Scenario 1: “We need this task completing, no rush, do it when you’re ready”
You want to give people freedom and flexibility. Letting them choose the order and when to complete their tasks would be seen as being just that. The difficulty with that is, the task will never get done. If you leave it open ended, every other task will jump above it on the priority list. As there is no clear deadline, it can just be put off, time and time again. It’s not that there is no love for the task, it’s just without a ‘finish by’ deadline, it will just be left.
Scenario 2: “We need this task completing, by the end of today”
Basically, as long as it’s realistic, the task will always get done that day, every time. There is a clear deadline, and no matter what’s going on that day, it will be done somehow. Just by having a deadline of some kind, all sorts of magical things happen. It puts that marker into the subconscious, and everything else is scheduled around this task. Take me writing this post right now… I know I have to leave the office by 1645 today, and I know I wanted to post a new article today – even though I’ve had a busy day both onsite with customers and at the office. Yet somehow, I’ve managed to get it done, all because I set it as a deadline this morning.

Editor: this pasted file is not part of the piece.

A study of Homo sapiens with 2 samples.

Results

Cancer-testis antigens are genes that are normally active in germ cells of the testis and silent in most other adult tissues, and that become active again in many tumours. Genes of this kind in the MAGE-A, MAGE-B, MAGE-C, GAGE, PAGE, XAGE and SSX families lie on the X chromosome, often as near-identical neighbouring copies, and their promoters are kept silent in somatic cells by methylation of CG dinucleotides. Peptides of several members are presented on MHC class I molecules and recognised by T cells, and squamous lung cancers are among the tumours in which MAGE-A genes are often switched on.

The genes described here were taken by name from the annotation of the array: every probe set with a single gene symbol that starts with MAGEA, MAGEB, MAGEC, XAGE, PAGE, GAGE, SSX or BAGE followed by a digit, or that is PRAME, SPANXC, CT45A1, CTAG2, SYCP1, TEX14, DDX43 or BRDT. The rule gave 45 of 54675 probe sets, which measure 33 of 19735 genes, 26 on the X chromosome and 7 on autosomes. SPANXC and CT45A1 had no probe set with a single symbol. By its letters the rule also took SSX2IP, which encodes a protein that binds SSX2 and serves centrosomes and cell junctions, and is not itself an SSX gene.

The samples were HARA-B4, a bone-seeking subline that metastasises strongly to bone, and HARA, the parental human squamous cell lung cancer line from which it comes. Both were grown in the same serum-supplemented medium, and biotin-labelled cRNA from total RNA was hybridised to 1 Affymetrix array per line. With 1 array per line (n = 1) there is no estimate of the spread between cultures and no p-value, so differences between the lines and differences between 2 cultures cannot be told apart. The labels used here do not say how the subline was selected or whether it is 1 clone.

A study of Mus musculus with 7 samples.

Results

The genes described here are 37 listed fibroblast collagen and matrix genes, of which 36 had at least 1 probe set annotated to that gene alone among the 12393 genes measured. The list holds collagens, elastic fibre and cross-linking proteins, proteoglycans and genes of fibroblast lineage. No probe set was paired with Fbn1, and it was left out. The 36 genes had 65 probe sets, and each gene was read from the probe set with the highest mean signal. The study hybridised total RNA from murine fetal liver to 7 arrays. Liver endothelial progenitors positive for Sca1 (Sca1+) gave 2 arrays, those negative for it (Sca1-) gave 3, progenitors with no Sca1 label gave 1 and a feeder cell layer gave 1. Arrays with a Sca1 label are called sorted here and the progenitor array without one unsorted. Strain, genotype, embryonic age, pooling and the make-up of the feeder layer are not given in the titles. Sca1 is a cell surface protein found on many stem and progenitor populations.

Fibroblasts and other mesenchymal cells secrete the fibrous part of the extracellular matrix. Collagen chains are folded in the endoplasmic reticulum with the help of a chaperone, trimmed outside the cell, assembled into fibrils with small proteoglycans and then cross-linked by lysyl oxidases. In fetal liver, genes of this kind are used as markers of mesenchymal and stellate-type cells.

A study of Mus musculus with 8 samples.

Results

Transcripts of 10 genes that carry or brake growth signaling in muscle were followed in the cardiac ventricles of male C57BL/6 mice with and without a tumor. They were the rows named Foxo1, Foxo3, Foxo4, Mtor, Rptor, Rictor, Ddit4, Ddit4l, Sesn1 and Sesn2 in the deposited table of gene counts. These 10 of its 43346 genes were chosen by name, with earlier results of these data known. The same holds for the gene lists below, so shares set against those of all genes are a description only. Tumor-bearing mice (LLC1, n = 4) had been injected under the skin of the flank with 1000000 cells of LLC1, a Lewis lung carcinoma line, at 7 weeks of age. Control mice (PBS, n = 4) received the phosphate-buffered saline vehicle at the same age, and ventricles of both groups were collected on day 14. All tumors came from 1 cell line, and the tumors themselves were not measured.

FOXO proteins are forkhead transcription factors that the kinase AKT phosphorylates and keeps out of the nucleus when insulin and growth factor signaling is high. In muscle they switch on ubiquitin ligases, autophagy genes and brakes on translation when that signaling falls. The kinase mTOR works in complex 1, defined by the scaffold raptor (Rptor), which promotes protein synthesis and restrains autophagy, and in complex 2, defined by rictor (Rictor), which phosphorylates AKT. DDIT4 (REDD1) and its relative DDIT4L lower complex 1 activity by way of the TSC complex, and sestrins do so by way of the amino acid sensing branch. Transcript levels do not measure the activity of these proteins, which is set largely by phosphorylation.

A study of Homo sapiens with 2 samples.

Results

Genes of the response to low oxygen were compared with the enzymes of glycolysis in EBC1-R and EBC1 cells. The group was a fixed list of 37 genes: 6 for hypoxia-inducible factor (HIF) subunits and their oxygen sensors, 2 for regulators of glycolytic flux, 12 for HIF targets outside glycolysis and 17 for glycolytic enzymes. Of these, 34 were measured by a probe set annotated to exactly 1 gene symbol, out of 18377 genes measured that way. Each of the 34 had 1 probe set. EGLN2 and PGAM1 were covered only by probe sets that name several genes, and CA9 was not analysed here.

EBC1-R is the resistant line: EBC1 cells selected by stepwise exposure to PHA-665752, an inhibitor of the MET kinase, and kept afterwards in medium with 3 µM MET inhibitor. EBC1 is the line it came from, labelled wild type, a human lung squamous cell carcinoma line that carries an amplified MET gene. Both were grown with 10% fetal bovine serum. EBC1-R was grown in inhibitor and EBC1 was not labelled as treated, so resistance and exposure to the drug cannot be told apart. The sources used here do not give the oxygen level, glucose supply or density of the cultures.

Deadlines set a clear expectation on the task in hand, if everyone involved has agreed to the deadline, then it gets done… and if it doesn’t you will be held accountable for committing to something you were unable to deliver. Sounds serious, but then I suppose it is.
For me, you should set a deadline for every task, no matter how small. Deadlines work wonders, it’s as simple as that. I’m yet to come across a scenario where having a deadline was a bad thing, and I’d love to hear from you if you can tell me otherwise.
So go forth, set them deadlines (on everything), from your daily work duties to doing ‘the big shop’ and see how you get on. See how much more you get done. Fact.
As ever, feel free to contact me on email@example.com about your thoughts and tips on ‘getting things done’.
This article was written by Gavin Moorhouse, owner of Lucid Computer Solutions. The deadline for this article was 1630. It was posted at 1614.